How are You Doing on Your New Year’s Resolutions?

While working with Laura Bereiter, the Director of Tax and Financial Planning here at White Oaks, she assigned the interns the task of writing summer goals. Through this process, it made me reflect on my New Year’s resolutions. Often times, we make annual goals but set ourselves to fail because if we are honest, it is difficult to follow a generic plan for 365 days. For 2019, I had three resolutions: (1) Don’t drink soda (or as Minnesotans say, “pop”), (2) Exercise at least five times a week, (3) Save money for my family vacation. Now that it is July, I want to analyze how I am doing with regards to my resolutions. I am drinking soda, exercising infrequently, and have not been saving money for my family vacation. For resolutions to be effective, there are steps that should be taken that help hold us accountable.

Transform Your Resolutions to SMART Goals.

In the Personal Financial Planning Program at Texas Tech University, my professors give students the task of creating SMART goals. SMART stands for specific, measurable, attainable, realistic, and timely. SMART goals provide a way to calculate the action and progress of a goal. My previously stated goal to “save money for my family vacation” transforms to, “Each day of the year, I will set aside $5 that will go towards my family vacation. Rather than purchasing a cup of coffee, I will save that money. By January 1, 2020, I will have accumulated $1825.”  When creating SMART goals, it is best to keep a precise schedule and analyze progress at the end of each day or week. At the end of week one, I should have $35 saved. My new, detailed goal is specific, measurable, attainable, realistic, and timely. SMART goals enable us to reflect upon our performance and search for opportunities for improvement. From my own experience, I believe New Year’s resolutions produce unreasonable guidelines for people. SMART goals, however, can be written at any point of the year and provide direction.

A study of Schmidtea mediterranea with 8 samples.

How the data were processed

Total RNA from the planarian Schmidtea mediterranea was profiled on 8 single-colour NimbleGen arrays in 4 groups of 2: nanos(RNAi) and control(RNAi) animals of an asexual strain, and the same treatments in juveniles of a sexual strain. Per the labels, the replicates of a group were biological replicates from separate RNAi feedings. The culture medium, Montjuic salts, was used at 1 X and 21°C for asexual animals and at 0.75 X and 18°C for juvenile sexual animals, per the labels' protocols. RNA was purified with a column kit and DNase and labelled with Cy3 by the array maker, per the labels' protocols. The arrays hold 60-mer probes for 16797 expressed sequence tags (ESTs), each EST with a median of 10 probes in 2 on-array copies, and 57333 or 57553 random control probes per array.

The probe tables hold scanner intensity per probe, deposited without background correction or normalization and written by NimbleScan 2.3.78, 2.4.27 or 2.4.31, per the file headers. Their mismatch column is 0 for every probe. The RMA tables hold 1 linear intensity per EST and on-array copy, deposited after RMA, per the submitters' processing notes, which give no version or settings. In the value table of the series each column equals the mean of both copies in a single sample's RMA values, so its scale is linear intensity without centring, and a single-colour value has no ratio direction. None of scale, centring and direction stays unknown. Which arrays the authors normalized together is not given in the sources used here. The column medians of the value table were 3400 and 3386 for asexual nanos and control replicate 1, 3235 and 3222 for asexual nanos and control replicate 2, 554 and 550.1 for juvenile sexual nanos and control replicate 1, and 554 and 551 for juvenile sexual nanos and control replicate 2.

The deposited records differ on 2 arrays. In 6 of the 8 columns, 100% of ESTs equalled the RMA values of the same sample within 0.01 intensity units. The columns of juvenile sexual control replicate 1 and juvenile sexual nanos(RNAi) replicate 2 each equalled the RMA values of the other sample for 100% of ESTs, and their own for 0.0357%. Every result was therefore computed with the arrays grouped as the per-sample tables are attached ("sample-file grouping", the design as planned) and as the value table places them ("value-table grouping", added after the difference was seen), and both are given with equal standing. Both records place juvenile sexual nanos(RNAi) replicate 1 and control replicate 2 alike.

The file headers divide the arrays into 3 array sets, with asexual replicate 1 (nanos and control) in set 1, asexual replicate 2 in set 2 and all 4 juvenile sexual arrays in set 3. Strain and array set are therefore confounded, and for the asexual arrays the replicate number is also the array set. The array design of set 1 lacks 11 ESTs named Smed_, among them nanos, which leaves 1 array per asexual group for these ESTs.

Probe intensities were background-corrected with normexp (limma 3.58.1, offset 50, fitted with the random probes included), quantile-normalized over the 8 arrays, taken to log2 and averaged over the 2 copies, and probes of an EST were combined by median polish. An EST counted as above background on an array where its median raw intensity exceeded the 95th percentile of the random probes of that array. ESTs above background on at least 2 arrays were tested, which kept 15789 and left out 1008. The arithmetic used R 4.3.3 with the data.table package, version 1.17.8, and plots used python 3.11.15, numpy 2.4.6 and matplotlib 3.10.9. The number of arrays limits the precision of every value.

You Don’t Have to Wait for New Year’s to Create Resolutions.

According to Society for Personality and Social Psychology, it can take from 15 to 250 days to create or break a habit. Habits are created from repetition and consistency, so they take time to become a part of everyday routines. When creating a new goal or task, it is important to understand that it is okay to fail. One week, your schedule may be chaotic and ruin your plans. You may fall short of a goal, but that is an opportunity to learn and grow. If you have been like me and struggling to accomplish your New Year’s resolutions, rewrite your goals and create an action plan. I have not been saving $5 each day for the past six months, but that does not mean I have to wait until January 1 of next year to attempt my savings goal. As you create resolutions, track your progress, learn from your mistakes, and know that you do not have to wait until January 1st to set SMART goals. Right now, ask yourself what you would like to accomplish, and write down your SMART goal. Be intentional about that goal and review it often.